Seattle Public Schools

Inclusive P.E. Class Teaches Empathy, Leadership, and Fun

Summary: The program was introduced by Adapted Physical Education Specialist Toni almost seven years ago and has expanded to several SPS schools.

Inclusive P.E. Class Teaches Empathy, Leadership, and Fun 

Robert Eagle Staff Middle School students begin their Partner Physical Education class seated in front of the gym’s white board waiting for the Question of the Day.

P.E. Teacher Amy Matsen stands in front of the class and asks, “If you could have a business, any type of business, what business would you have?”  

Some students answer with “cupcake shop,” “bakery,” and “boba tea shop.” Others react with excitement, and some sit quietly observing.   

Although this activity may seem unrelated to P.E., it’s an intentional part of the class. The question is designed to help students build their social-emotional skills and relationships with other classmates.  

The Partner P.E. program is a modified class designed to meet the needs of students receiving special education services. General education students choose to take the class alongside these students and act as partners and leaders, helping students receiving special education services gain confidence and succeed in the class.  

“An adapted P.E. class is an important part of a school,” Matsen said. “All students can be successful. So, when you modify activities and accommodate students with different equipment, or break down the rules for the game, everyone can succeed.” 

To build student’s fitness and motor capabilities, the class continues with warmups, which includes a consistent routine of upper and lower body movements.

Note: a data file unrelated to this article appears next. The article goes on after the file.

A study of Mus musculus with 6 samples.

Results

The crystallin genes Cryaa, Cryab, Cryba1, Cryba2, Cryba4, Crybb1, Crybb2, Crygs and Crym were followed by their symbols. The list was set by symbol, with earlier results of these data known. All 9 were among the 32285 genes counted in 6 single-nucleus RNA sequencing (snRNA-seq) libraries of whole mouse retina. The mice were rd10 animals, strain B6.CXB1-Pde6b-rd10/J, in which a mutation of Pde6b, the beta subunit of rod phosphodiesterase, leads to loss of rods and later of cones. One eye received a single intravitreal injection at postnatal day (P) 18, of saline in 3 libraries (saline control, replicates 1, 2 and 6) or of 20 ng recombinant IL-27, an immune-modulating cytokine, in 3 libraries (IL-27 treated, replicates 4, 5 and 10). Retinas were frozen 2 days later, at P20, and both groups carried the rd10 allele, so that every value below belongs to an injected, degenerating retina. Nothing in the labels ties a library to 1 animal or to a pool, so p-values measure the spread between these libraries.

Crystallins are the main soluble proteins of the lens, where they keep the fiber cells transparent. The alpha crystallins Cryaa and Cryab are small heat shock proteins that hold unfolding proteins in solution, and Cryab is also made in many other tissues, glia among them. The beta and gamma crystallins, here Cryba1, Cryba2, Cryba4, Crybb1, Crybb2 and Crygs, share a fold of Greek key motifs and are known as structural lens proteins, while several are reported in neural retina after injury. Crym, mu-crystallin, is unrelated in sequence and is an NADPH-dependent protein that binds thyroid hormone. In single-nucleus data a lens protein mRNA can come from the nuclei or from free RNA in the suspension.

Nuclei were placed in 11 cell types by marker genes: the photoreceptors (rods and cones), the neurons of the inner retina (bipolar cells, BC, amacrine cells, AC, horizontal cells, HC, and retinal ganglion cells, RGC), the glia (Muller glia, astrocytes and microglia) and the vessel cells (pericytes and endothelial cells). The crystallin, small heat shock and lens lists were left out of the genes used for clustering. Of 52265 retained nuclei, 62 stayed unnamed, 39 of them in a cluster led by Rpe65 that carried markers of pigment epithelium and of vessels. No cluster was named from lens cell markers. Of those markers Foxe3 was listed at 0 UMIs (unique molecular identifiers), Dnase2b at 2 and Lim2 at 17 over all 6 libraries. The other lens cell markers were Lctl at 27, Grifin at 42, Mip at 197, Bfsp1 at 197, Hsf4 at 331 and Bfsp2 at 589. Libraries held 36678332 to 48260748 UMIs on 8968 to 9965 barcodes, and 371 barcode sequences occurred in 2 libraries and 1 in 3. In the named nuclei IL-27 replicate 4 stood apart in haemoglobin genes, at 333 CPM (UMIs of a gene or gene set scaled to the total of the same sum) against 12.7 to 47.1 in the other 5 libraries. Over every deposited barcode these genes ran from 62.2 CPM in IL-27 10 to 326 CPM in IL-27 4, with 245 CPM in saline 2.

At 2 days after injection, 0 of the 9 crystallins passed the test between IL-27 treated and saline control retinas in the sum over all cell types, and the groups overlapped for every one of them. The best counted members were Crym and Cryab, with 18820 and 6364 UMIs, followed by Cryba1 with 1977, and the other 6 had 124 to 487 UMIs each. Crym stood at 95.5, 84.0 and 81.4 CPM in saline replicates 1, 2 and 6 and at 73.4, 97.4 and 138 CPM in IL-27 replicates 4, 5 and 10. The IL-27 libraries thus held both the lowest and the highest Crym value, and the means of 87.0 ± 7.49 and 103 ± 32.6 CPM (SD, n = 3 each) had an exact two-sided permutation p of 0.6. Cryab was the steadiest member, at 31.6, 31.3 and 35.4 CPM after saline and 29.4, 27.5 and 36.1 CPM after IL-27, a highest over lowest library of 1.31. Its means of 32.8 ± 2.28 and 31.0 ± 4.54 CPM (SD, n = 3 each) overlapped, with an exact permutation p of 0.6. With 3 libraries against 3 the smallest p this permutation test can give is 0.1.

“With our students with disabilities, having a routine helps with anxiety and allows practice to build skills,” Adapted Physical Education Specialist Toni Bader said. “In the beginning of the semester you probably wouldn’t have seen all of the kids [moving] together, now you seen some really good skills.”  

The general education students warm up alongside students receiving special education services and act as models, showing students how to complete movements.  

Next, students have a chance to practice their sports skills with a modified sports match.  

“We’ve done a lot of professional development to set up for universal design, so setting up the activities with adaptations, accommodations, modifications—so every student is successful,” Bader said. “If you adapt and modify the rules a little bit, you allow everybody to participate and everybody to be successful, and it’s still fun!”  

The class ends with students cooling down by walking around the gym—or the track on a nice day—giving and receiving compliments, then a debriefing session with general education students to review class activities and provide feedback, which helps with leadership experience.  

The general education students explain they’ve learned a lot and enjoy the time they spend helping others and interacting with all kinds of students.  

“Everyone helps each other out. We all work together,” sixth grader Naomi Weber said. “You become good friends with everyone.” 

“I’ve made a lot of friends with people I wouldn’t know,” seventh grader Indigo Freeman-Burnett said. 

Matsen has seen first-hand the connections students make with each other and is proud of all they learn while in the class.  

“I really love watching the students interact and support each other and be really proactive in getting to know every single [person] in class no, matter who they are,” Matsen said. “Watching them be empathetic, understanding humans and super patient, and become leaders is so amazing.”  

The program was introduced at SPS by Bader almost seven years ago and has expanded to six other schools, including Chief Sealth International High School, Eckstein Middle School, Jane Addams Middle School, Mercer International Middle School, Roosevelt High School, and Whitman Middle School. Denny International Middle School will begin the program in second semester this year.  

Bader continues to work with additional schools and is hoping to bring the program to even more campuses in the coming years.